In Chapter CLXIII of Violet Crepuscular’s epic romance novel, Oy, Rodney, Lady Margo Cargo has been persuaded by her crusty old butler, Crusty, to stand for Parliament. A special election is being held because the shire’s beloved old Member of Parliament, “Old Binky” Boggington, has been sucked under the vicar’s backyard wading pool.
“But what about our wedding, my sweet?” cries Lord Jeremy Coldsore.
“It’ll have to wait, my dear. One must do one’s duty! Although how I’m supposed to stand for Parliament, when I can hardly stand at all, what with all the upholstery Crusty has had put on to my wooden leg, is more than I know.” As if to illustrate her point, she falls over.
“Don’t worry, Germy, ol’ hoss,” says Willis Twombley, the American adventurer. He, too, is waiting to be wed to Lady Margo–who thinks he and Lord Jeremy are the same man. “All we got to do is find somebody to run against her who’ll be so popular with the voters, Lady Margo will just give up. Then we’ll get hitched right away.”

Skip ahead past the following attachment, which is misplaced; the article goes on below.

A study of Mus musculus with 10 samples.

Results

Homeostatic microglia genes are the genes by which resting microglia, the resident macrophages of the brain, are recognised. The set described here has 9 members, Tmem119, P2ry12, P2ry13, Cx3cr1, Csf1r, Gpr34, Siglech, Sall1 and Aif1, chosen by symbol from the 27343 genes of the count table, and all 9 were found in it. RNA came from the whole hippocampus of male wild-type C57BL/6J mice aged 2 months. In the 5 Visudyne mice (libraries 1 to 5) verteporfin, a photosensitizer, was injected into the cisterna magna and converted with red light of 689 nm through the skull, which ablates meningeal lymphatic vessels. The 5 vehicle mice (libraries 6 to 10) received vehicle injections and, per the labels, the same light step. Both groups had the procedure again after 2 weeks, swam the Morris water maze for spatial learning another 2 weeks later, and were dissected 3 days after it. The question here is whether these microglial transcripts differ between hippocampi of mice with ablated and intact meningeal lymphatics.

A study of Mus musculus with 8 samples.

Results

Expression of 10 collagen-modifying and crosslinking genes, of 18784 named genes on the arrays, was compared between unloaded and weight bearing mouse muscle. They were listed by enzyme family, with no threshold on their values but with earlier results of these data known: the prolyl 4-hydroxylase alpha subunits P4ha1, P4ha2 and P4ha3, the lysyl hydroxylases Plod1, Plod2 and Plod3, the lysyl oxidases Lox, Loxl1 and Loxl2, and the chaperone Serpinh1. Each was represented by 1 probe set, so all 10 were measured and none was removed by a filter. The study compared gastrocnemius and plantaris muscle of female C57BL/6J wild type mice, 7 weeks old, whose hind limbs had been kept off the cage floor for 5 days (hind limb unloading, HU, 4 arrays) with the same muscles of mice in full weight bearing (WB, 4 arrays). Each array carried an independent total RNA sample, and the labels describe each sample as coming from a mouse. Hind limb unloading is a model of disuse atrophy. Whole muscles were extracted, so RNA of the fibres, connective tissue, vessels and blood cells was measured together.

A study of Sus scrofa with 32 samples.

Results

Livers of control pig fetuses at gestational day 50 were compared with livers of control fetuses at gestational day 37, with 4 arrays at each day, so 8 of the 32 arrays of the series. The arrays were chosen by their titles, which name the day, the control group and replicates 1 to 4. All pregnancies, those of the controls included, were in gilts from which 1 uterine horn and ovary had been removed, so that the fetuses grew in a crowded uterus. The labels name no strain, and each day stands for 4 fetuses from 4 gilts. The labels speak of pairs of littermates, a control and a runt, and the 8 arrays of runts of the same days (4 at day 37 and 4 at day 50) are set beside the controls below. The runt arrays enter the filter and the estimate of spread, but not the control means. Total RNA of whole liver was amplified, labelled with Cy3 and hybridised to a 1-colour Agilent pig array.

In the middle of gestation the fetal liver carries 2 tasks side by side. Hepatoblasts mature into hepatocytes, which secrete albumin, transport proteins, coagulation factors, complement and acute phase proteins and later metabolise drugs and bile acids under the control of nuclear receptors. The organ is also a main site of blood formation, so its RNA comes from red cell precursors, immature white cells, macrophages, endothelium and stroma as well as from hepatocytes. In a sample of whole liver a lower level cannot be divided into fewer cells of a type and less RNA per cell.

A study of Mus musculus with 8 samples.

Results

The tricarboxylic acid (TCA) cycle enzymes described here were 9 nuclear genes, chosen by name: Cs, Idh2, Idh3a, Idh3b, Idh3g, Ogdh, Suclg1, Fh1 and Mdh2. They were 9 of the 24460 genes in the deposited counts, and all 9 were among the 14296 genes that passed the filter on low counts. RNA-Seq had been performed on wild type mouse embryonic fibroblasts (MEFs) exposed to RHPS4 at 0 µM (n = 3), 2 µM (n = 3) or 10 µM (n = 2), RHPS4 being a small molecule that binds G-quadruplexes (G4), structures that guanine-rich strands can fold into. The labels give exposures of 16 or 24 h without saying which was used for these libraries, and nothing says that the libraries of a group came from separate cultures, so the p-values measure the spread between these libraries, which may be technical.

The problem is that no one seems to want to be a candidate. Finally Lord Jeremy’s search boils down to Grubby the town drunkard. There is some doubt whether Grubby was fully conscious when he agreed to run.
“I don’t want to give any speeches, though,” he says, after being dipped in ice-cold water several times. “I don’t know how to write no speeches.”
“Constable Chumley has offered to write them for you, old boy,” says Jeremy. He has had to pay the constable rather handsomely for this service.
“Aye, m’lord, ’tis mickle dowd I be.” It seems the constable already has a speech written, but as yet never delivered, entitled Yon Shire be Gimple Yair o’ Fuddle. It was originally intended for a police bar mitzvah several years ago.
“We’re in, ol’ hoss!” exults Twombley. “I got him to read the speech to me, and I do like the sound of it! Sort of reminds me of Millard Fillmore’s inaugural address, way back when. Anyone who sounds like President Fillmore can get elected any day of the week! We’ll be married before you can say ‘Hut to pee an’ smooth sailin’.”
The chapter closes with Lord Jeremy feeling rather confused.